A Celebration of the Chevrolet Centennial – 1957 Bel Air & 2011 Equinox
October 4, 2011 10:33 am ET
Guest bloggers Eric Dolis & Rob Verdi of Fred Mackerodt, Inc., reflect on how the times are changing…
This year, Chevrolet is celebrating its 100th anniversary, and with a strong 2011 product portfolio, there’s plenty of success to commemorate…
Since 1911, Chevrolet has found its way into the hearts and homes of customers. And Tara O’Grady’s family is no exception. To honor her Granny’s spirit and keep a family tradition alive, Tara has set out to recreate the cross country drive that her Granny took in a 1957 Chevrolet Bel Air – but Tara will be modernizing a little… making the trip in a 2011 Chevrolet Equinox.
In honor of Tara’s trip, we’d like to share some fun facts about 1957 versus 2011…
When you think about the 1957 Chevrolet Bel Air, a late 50’s “Hot Rod”, you think street racers and young John Travolta types combing their greased hair and causing trouble. These Chevrolet “street machines” were very popular, and drag racers were in heaven once the 1957 Bel Air offered fuel-injection as an option.
Now spring ahead to 2011, where you see a very different car and vehicle class, one that people probably could not fathom in the 1950′s. The 2011 Chevrolet Equinox is a “cross-over” that boasts a fuel-efficient 32 mpg highway. The Equinox is a great family car that focuses more on comfort and fuel-economy, rather than the raw style and power of the old hot rods.
In 1957 the Chevrolet Bel Air would have set you back around $2,571.00 for the base model, versus $23,805 for a base model of the Chevrolet Equinox. So let’s face it, vehicles were cheaper 60 years ago, but were they safer?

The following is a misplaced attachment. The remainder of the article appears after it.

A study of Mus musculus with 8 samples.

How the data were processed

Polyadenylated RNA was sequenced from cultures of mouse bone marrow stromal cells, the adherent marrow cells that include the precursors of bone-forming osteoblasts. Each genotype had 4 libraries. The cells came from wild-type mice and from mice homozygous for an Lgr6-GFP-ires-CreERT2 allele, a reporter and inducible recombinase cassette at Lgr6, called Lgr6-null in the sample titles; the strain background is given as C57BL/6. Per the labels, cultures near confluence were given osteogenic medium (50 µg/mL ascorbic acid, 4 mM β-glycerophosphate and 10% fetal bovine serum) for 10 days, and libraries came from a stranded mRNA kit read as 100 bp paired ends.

It was during the late 1950’s that safety finally started to become a priority in vehicles. The 1957 Chevrolet improved the vehicle’s balance by adding weight distribution. Other safety features added included the high level ventilation, automatic signals for stopping and turning, 11 inch break drums and a modern anti-dive suspension system. Although these were positive improvements, vehicle safety had a long way to go. One would think that because of the size and weight of the vehicles back then, they must have been safer, but this was certainly not the case. The 1957 Chevy weighed nearly 3,500lbs of pure steel, but did not offer a life saving “crumple zone” that vehicles of today provide. And airbags? Those didn’t come around for another 20 years, right before seat belts became the law in the 1980′s. In this case, it goes to show, bigger is not always better.
But, safety aside, who wouldn’t want to live in the 1950′s? Back then you could get a gallon of gas for $.24 cents and a drink for a nickel! We certainly wouldn’t mind driving cross country with those prices! If you did drive cross country during the 50’s, you could have been one of the first to eat at a McDonald’s restaurant, or pass one of the first colored TV’s in a store window. You could have even sent your loved ones postcards from every city you visited… and for only 3 cents!
So, no matter the decade, we feel a trip like this is a one is a lifetime experience, and we hope one day we can join Tara O’Grady and say, “We have experienced the USA in our Chevrolet!”